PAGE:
Mahabat Khan (Urdu: مهابت خان) (full title Mahabat Khan Khan-e-Khanan Sipah-Salar Zamana Beg Kabuli), born Zamana Beg (died 1634), was a prominent Mughal general and statesman, perhaps best known for his coup against the Mughal Emperor Jahangir in 1626. He also served Subahdar of Malwa Subah from 1611 to 1623 and Bengal Subah during 1625–1626. He earned the title Khan-i-Khanan from emperor Shah Jahan.
|Subahdar of Malwa Subah|
|Subahdar of Bengal Subah|
|Preceded by||Darab Khan|
|Succeeded by||Mukarram Khan|
Born Zamana Beg, Khan's father was Ghiwar Beg Kabuli who came from Shiraz to Kabul and subsequently to India.
Career in the Mughal ArmyEdit
Upon entering the Mughal service, Zamana Beg enjoyed a rapid ascent through the ranks of the Mughal army. He began his military career in the personal forces of Crown Prince Salim (who later went on to become Emperor Jahangir). Having endeared himself to the crown prince, he was soon made an officer in charge of 500 men. Prince Salim sent him to Malik Ambar to remove the campaign of Prince Daniyal in the Deccan. He also led Salim’s army during the Rajputana campaign in Mewar. Mahabat Khan was gifted a concubine from Mewar; she died in childbirth.
Upon Jahangir's rise to the throne in 1605, he was granted the honorific title Mahabat Khan, and was promoted to the rank of commander of 1,500 men, and bakhshi (treasurer) of the emperor's private privy purse. Mahabat Khan rose to prominence in 1623, when he was made commander of the Mughal forces sent to defeat the unsuccessful rebellion of Prince Khurram (who later went on to become Emperor Shah Jahan) in the Deccan. For his loyal service, he was recognised as a 'pillar of the state', and was ultimately promoted to chief commander of the Mughal army, with a personal force of 7,000 men.
Mahabat Khan's success in quelling Prince Khurram's rebellion was not met with pleasure by many members of the Mughal court, who began to fear and resent the general's growing prestige and influence. Empress Nur Jahan was especially concerned, and in an effort to curb Mahabat Khan's rising power, she arranged to have him made governor of Bengal, a province far removed from the Mughal capital at Lahore. Furthermore, in an effort to humiliate him in the imperial court, Nur Jahan had him charged with disloyal conduct and ordered him to return to Lahore to face trial. As a result of Nur Jahan's machinations against him, Mahabat Khan decided to take action, and so in 1626, he led an army of loyal Rajput soldiers to the Punjab. He had also brought the wives and families of many of them, so that, if driven to extremity, they would fight to the last for the lives and honour of themselves and their families . Meanwhile, Jahangir and his retinue were preparing to head to Kabul, and were encamped on the banks of the River Jhelum. Mahabat Khan and his forces attacked the royal encampment, and successfully took the emperor hostage; Nur Jahan, however, managed to escape. Mahabat Khan declared himself emperor of India at Kabul, however his success was short-lived.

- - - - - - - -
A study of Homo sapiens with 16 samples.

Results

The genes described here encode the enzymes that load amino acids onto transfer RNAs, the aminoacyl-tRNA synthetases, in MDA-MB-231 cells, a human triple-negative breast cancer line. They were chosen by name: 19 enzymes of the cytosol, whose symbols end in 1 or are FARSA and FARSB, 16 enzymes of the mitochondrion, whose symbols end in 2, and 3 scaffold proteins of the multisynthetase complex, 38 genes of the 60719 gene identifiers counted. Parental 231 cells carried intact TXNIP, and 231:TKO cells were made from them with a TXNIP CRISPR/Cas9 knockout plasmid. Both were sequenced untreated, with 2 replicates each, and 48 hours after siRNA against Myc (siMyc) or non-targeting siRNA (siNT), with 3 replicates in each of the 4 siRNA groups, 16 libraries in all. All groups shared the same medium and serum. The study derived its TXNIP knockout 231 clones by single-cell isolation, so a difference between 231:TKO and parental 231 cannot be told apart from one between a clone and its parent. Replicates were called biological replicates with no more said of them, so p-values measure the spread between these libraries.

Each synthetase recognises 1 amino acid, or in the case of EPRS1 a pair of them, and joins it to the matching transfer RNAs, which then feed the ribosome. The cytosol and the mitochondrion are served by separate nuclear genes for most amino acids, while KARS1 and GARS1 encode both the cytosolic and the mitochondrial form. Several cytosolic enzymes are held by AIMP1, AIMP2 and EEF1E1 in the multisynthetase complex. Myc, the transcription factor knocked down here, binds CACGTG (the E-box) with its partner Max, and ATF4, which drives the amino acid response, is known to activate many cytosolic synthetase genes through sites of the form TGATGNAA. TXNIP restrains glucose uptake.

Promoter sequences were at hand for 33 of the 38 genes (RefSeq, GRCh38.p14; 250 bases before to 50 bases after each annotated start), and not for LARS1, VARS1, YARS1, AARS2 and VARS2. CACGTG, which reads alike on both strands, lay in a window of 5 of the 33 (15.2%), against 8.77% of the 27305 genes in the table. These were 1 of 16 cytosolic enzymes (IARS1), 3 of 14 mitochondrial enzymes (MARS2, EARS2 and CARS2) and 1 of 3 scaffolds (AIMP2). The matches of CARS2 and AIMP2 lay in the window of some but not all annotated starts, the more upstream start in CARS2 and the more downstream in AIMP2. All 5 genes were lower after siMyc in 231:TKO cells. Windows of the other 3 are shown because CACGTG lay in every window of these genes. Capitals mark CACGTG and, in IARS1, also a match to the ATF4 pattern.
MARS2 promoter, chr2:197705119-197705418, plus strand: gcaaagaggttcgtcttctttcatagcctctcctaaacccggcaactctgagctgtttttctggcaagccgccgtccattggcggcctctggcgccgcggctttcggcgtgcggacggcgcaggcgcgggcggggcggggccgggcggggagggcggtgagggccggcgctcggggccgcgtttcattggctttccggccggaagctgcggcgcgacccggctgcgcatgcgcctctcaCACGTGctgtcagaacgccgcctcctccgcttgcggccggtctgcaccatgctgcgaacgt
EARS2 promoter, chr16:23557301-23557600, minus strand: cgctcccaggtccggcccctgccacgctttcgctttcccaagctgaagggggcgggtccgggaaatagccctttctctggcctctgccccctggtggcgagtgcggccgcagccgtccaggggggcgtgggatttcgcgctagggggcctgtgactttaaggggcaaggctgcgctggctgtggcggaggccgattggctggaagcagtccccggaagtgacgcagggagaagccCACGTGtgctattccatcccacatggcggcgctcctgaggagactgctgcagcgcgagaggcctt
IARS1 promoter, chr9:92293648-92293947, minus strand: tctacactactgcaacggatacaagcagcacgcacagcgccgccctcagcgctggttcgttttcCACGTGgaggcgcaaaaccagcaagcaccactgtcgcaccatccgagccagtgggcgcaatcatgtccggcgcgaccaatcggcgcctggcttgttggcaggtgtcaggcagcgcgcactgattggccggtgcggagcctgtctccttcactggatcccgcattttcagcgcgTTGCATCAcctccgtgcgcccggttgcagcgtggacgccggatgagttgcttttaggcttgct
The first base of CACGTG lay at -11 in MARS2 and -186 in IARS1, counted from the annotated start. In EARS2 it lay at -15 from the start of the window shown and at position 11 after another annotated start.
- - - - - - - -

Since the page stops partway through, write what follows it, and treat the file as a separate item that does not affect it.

Nur Jahan, with the help of nobles who were still loyal to Jahangir, came up with a plan to free her husband. She surrendered herself to Mahabat Khan, and once reunited with her husband, put her plan into action. She had Jahangir convince Mahabat Khan that he was satisfied with the current arrangement, as it had freed him from her clutches. Mahabat Khan believed that he had won over the former emperor, failing to realise that Jahangir was in fact siding with Nur Jahan. Consequently, he decreased the Rajput guards that he had placed around Jahangir, and prepared to return to Lahore with the captive emperor. Meanwhile, Nur Jahan arranged for an army to meet them en route to Lahore; in the ensuing battle, Nur Jahan's forces were victorious, and Jahangir was freed from captivity. Mahabat Khan with the help of Raja Nathu Mall of Majhauli  settled the remaining wounded Rajputs and their family in the forests of Gorakhpur, Uttar Pradesh. Thus Mahabat Khan's brief reign lasted approximately 100 days.
Later life and deathEdit
Following his unsuccessful coup, Khan fled to the Deccan. There, Prince Khurram convinced him to surrender himself to Jahangir. However, with the death of Jahangir shortly thereafter in October 1627, Khan went unpunished. Upon Prince Khurram's rise to the throne as Emperor Shah Jahan, Mahabat Khan was appointed governor of Ajmer. He was later transferred to a post in the Deccan, where he died in 1634. His body was carried back to Delhi, where he was buried on the ground of the shrine of Qadam Sharif. Upon death, his eldest son, Mirza Amanullah, was awarded the title 'Khan Zaman', while his second son, Luhrasp, was granted his late father's title, Mahabat Khan.